Cow Welfare: 6 dairy herd improvements for good cow welfare at the lowest temperatures

How can you recognize if your cow’s welfare is good or bad? And why prioritizing it is crucial for the efficiency of your farm? Let’s find out in this Blog series!  

We closed the previous episode by listing the three crucial dairy herd improvement groups, to preserve animals’ welfare at the lowest temperatures.

So, with the help of Pavel Semenychev, Technical Sales and Support Manager from Russia, we are ready to deep dive into the main actions that could save the efficiency of your farm in extremely cold weather conditions.

Let’s start with environmental improvements

  • Balance is the key. The barn should be a dry, well-insulated shelter where cows escape from wind and snow. Therefore, the building should be designed taking into account the force of the winds blowing in the area. Some useful implementations could be:
  • Placing the door only on one side of the shed.
  • Surrounding the barn and the pasture area with a windbreak made up of semi-permeable trees and under-planting. It decreases the wind speed and protects animals from air drafts.

Nevertheless, sheds should not be too warm or wet, either. In fact, this commonly happens when there is insufficient airflow and respiration gasses remain trapped in the barn, causing humidity and the spread of germs. A humidity level above 60% can cause lung irritation and even contagious respiratory infections, such as pneumonia. Excessive condensation on the windows, ceiling, or ground indicates insufficient ventilation in your barn and the need to improve the air quality by ensuring a fresh air flow, through windows or fans.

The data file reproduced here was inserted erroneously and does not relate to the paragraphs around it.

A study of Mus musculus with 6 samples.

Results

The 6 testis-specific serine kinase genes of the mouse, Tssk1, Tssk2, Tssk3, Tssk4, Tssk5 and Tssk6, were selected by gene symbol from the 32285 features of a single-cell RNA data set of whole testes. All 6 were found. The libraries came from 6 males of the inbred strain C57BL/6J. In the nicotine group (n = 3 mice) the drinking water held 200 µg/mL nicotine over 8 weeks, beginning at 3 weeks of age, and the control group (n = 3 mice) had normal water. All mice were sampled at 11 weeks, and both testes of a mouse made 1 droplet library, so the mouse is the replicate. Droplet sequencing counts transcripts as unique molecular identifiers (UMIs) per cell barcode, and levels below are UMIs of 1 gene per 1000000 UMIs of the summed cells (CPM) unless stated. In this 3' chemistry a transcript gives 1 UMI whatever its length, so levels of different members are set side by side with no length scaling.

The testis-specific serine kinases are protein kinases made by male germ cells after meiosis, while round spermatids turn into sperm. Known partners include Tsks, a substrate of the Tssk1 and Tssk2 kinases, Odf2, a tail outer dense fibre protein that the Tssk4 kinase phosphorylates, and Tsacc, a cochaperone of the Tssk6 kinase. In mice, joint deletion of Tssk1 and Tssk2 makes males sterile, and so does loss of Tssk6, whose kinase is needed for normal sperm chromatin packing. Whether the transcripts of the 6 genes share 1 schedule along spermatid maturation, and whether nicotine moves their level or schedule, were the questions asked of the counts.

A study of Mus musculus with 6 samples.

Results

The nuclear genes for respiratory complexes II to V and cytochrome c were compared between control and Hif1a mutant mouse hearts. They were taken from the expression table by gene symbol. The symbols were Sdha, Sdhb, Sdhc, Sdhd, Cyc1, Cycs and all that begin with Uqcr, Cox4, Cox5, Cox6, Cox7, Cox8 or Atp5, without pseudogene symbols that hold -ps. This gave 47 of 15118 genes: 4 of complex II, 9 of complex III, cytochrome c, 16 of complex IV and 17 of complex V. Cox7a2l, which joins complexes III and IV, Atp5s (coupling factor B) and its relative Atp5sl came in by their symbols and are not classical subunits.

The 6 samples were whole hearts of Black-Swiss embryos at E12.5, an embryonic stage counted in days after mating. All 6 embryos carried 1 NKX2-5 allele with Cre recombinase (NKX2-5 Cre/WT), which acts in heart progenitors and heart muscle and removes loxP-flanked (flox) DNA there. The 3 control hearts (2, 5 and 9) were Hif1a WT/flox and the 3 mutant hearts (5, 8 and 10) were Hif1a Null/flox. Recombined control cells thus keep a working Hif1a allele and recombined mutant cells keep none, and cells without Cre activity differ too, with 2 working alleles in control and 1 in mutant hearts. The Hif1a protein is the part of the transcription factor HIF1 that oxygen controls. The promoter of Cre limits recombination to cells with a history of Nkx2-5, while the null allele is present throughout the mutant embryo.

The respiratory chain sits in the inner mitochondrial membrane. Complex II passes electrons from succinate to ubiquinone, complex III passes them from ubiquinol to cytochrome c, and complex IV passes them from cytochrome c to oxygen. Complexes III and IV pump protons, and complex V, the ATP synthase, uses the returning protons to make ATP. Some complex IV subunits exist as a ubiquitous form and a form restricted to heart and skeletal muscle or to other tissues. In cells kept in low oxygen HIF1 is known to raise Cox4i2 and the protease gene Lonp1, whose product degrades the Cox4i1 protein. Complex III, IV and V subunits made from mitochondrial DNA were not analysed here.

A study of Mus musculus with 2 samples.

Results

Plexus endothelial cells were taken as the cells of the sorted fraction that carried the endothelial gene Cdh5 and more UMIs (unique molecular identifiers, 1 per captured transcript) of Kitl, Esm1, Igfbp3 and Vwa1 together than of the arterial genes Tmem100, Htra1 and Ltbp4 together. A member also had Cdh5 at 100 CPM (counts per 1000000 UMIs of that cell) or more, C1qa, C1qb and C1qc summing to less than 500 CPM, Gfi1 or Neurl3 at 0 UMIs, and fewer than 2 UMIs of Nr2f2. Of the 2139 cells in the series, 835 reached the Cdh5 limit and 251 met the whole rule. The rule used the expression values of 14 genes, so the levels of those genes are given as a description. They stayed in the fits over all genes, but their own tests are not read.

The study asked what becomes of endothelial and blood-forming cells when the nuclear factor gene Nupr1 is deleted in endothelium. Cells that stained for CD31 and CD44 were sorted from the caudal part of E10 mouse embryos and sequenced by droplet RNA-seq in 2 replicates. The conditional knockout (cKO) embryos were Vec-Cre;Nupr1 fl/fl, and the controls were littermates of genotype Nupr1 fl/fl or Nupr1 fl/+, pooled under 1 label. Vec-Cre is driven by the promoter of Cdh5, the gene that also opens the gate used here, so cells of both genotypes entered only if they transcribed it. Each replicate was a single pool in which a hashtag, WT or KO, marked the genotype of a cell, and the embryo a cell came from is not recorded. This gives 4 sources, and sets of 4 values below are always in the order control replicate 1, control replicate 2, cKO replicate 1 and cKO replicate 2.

• Beware of ice. Frozen walking surfaces can be a cause of serious stress and injuries for your animals. This is why you should protect the floor from ice, by using particular reagents that are safe for animals, or with a hot water flow.

It’s time to talk about feeding improvements

  • Feed for thought. The lower the environmental temperature, the more energy cows require to endure the harsh climate condition and produce heat. In general, during winter cows eat 10-15% more feed than in summer, requiring a thorough adjustment and supplementation of the nutrients to the body conditions of each animal. As previously mentioned, Herd Management software and consultants’ advice are the keys to ensuring that cow well-being thrives in winter.
  • Tips for optimal hydration. As usual, access to clean, fresh water should be ensured for cows, removing any trace of bacteria on a regular basis. Though, with extremely low temperatures, water can freeze. To avoid this, it is advisable to rely on insulated waterers or a water heater. If the latter is electric, it is essential to make sure there is no electricity in the water using a voltmeter.

Last but not least: cow comfort!

  • Good bedding for good rumination. We have already mentioned how crucial lying time is for proper rumination and consequent milk production and cow welfare. When the weather outside is cold and wet, ensuring cows dry, clean bedding, insulated from the cold ground, is the key to a warm, comfortable lying.
  • Watch out for frozen teats. With cold weather, wet teats can get frozen, causing skin cracking. To avoid this, it is extremely important that they are completely dry when cows exit the milking parlour.

We hope these hints on how to preserve your cows’ well-being in the lowest temperatures will be useful and will help you improve the performance of your herd. Also, make sure not to miss our next updates, to achieve your milking goals!